SPORTS

Pawhuska High football icons among 102 years of All-Staters

Mike ErwinJournal-Capital

One hundred football seasons ago, Pawhuska High School had its first player selected for Oklahoma All-State honors when John Hirt was named as right guard on the 1915 squad.

It was only the third year for the Daily Oklahoman newspaper to name an All-State prep squad. The first had been announced on Dec. 7, 1913, just a few months prior to the start of World War I. (Also, coincidentally, exactly 28 years to the day before the Pearl Harbor attack in WWII.)

Hirt served in the U.S. Army during the first World War and, reportedly, lived into his 70s. He is buried in the Pawhuska City Cemetery.

The Oklahoman’s initial All-State choices included four Oklahoma City players, three each from Tulsa and Norman and another out of Shawnee. One of the Norman picks, fullback John Baumgarner (or Bumgarner), was the uncle of future TV/movie actor James Garner.

Pawhuska also landed a player, right halfback John Comstock, on the 1915 All-State Second Team. Comstock was elevated to first-team status in 1916, when he was joined by his All-State younger brother, tackle Rudy Comstock. PHS added a pair of 1916 second-teamers in guard William Marion and fullback Harold Burt. Another member of the Comstock family earned one of Pawhuska’s next All-State selections. Charles Comstock, a tackle, was named to the Oklahoman’s third team in 1921, along with halfback teammate George Beaulieu.

Rudolph S. Comstock, who was born in 1900 and died in 1975, played 11 professional seasons with five NFL franchises — including the Canton Bulldogs, New York Giants and Green Bay Packers. He also had been head coach of the Pittsburgh Americans pro team. Comstock was on four NFL champion squads and was an All-Pro selection in 1923, 1926 and 1930. In a legendary exhibition game played Dec. 26, 1927, at Pawhuska, where the semi-professional Hominy Indians defeated the New York Giants, Rudy Comstock suited up for the NFL reigning champions — even though he was technically a member of the Frankford Yellow Jackets.

PHS guard Fred Miles made the All-State Second Team for 1926. The next first-team All State selection from Pawhuska was Ormand “Dilly” Beach, who was named as fullback of the 1928 squad. A nephew of John and Rudy Comstock, Beach went on to earn All-Conference honors at the University of Kansas, where he studied petroleum engineering. He played rugby/football in Canada as a member of the Sarnia (Ontario) Imperiels, a squad sponsored by the oil company for which he worked. Beach helped his team win two Grey Cup titles before being killed in a refinery explosion a few days prior to the start of his fifth pro season. Pawhuska’s current football stadium, which was under construction when he died, would later be named in his memory.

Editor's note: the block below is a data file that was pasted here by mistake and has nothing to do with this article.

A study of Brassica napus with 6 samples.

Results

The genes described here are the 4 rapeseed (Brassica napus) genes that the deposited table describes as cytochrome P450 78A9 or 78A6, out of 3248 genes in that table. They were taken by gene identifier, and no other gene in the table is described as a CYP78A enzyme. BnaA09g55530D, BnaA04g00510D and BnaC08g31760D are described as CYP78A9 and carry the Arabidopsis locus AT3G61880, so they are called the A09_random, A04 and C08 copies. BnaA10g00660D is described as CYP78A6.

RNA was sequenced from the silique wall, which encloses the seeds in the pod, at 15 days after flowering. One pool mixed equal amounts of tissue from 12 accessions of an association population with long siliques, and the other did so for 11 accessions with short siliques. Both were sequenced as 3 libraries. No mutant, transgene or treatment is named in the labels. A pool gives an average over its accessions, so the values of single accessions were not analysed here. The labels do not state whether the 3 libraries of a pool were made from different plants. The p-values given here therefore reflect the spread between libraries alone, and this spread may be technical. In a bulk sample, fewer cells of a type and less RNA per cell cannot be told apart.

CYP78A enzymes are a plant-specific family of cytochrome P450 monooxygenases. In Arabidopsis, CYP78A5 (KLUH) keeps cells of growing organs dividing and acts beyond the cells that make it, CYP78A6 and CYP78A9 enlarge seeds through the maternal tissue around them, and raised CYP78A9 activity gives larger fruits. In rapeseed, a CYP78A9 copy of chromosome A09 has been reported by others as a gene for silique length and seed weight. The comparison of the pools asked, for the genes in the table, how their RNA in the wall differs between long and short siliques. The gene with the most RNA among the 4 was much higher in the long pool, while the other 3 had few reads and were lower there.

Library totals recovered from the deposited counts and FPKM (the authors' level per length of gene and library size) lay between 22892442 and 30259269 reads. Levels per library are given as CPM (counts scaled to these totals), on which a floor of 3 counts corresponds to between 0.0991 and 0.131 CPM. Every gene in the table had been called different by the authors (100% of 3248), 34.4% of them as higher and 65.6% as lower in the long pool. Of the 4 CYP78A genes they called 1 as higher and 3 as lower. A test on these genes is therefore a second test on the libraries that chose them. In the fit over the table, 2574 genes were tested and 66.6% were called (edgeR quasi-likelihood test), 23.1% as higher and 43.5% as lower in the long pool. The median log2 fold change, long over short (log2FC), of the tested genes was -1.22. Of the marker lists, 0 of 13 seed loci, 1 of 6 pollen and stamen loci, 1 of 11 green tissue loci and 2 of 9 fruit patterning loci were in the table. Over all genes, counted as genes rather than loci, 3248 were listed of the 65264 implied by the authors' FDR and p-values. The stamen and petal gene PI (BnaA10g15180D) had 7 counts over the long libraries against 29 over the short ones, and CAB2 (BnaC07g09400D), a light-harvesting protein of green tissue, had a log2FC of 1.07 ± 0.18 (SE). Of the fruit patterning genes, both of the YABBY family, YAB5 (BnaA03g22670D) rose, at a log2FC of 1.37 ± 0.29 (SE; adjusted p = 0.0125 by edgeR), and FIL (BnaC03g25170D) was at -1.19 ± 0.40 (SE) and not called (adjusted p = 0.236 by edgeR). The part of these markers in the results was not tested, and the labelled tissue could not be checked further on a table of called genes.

Other All-State honorees from Pawhuska High include:

1930: Leonard McFee, fullback.

1931: James Schneider, center (third team).

1936: tackle George Dunlap.

1937: Damon “Doc” Renfro, second-team) back.

1938: center Frank Capps.

1939: ends Kenneth Spence and Ted Brunt.

1943: Doyle Monger, tackle.

1944: tackle Bob Greggs.

1946: John Bilyeu, tackle.

1947: end Louie Surber.

1950: Cloy Easley, end.

1955: back Tommy Cotton.

1960: Wempsey Gilkey, end-halfback.

1961: quarterback Jay Hurt.

1964: Jim Hunt, tackle/fullback.

1968: Duke Atterberry.

1983: Logan Pendergraft.

1999: Kevin Kemp, linebacker (3rd team).

Zalin Edwards of PHS was selected to participate as a replacement in the 2014 Oklahoma Coaches Association All-State Game. Other selections from the last two decades were not readily available. Apologies for all other omissions, as well.

Additional All-Staters from Osage County have included:

1919: Emmett Foley, Fairfax quarterback (2nd team); 1920: QB (2nd team) Box of Nowata; halfback William Fly of Fairfax (2nd team); 1921: Fairfax guard Quilter; 1923: guard Lester Graham of Hominy and Fairfax end Lee McMahan (3rd team); 1925: Ward Lynn of Fairfax, halfback (2nd team); 1929: end (second team) Claude Richardson of Fairfax and halfback (3rd team) Leonard (Pee Wee) McFee of Hominy; 1932: Lester Graham of Hominy, guard; 1937: Don Witcraft, center, Fairfax; 1938: Fairfax tackle Tommy Tallchief; 1939: center Wayne Adams of Hominy.

Also, 1940: Wheeler Gayton, Hominy; 1942: . guard Tom Cox of Hominy; 1943: William Kongable from Hominy; 1943: end Bill Long of Hominy; 1950: guard John Murrell, Fairfax; 1955: Don Eubanks, Fairfax, tackle; 1956: guard Berry Harrison, Fairfax; 1957: end Fred Dobbins of Hominy; 1958: tackle Curt Dobbins, Hominy 17 6-0 220; halfback Dwayne Parent, Fairfax; 1959: back Ken Rader of Hominy; 1960: fullback Harry Red Eagle, Hominy.

And, 1962: halfback Richard Dunlap of Skiatook; 1965: Bob Plummer of Hominy, tackle; Ken Mendenhall, Enid (formerly of Pawhuska), center; Coach of the Year: Alvin Duke of Enid, formerly from Pawhuska; 1970: Hominy end Jess Hudson; 1973: halfback Aaron Crawford, Hominy; 1974: halfback Jack Taylor, Skiatook, and linebacker Mike Dean of Hominy; 1975: Johnny Scott, Fairfax, split end; 1985: split end Joe Witcher and quarterback Mike Gundy, both Midwest City (the ex-Pawhuska athletic director caught passes from the current Oklahoma State coach; 1989: Scott Harmon, defensive back, Hominy.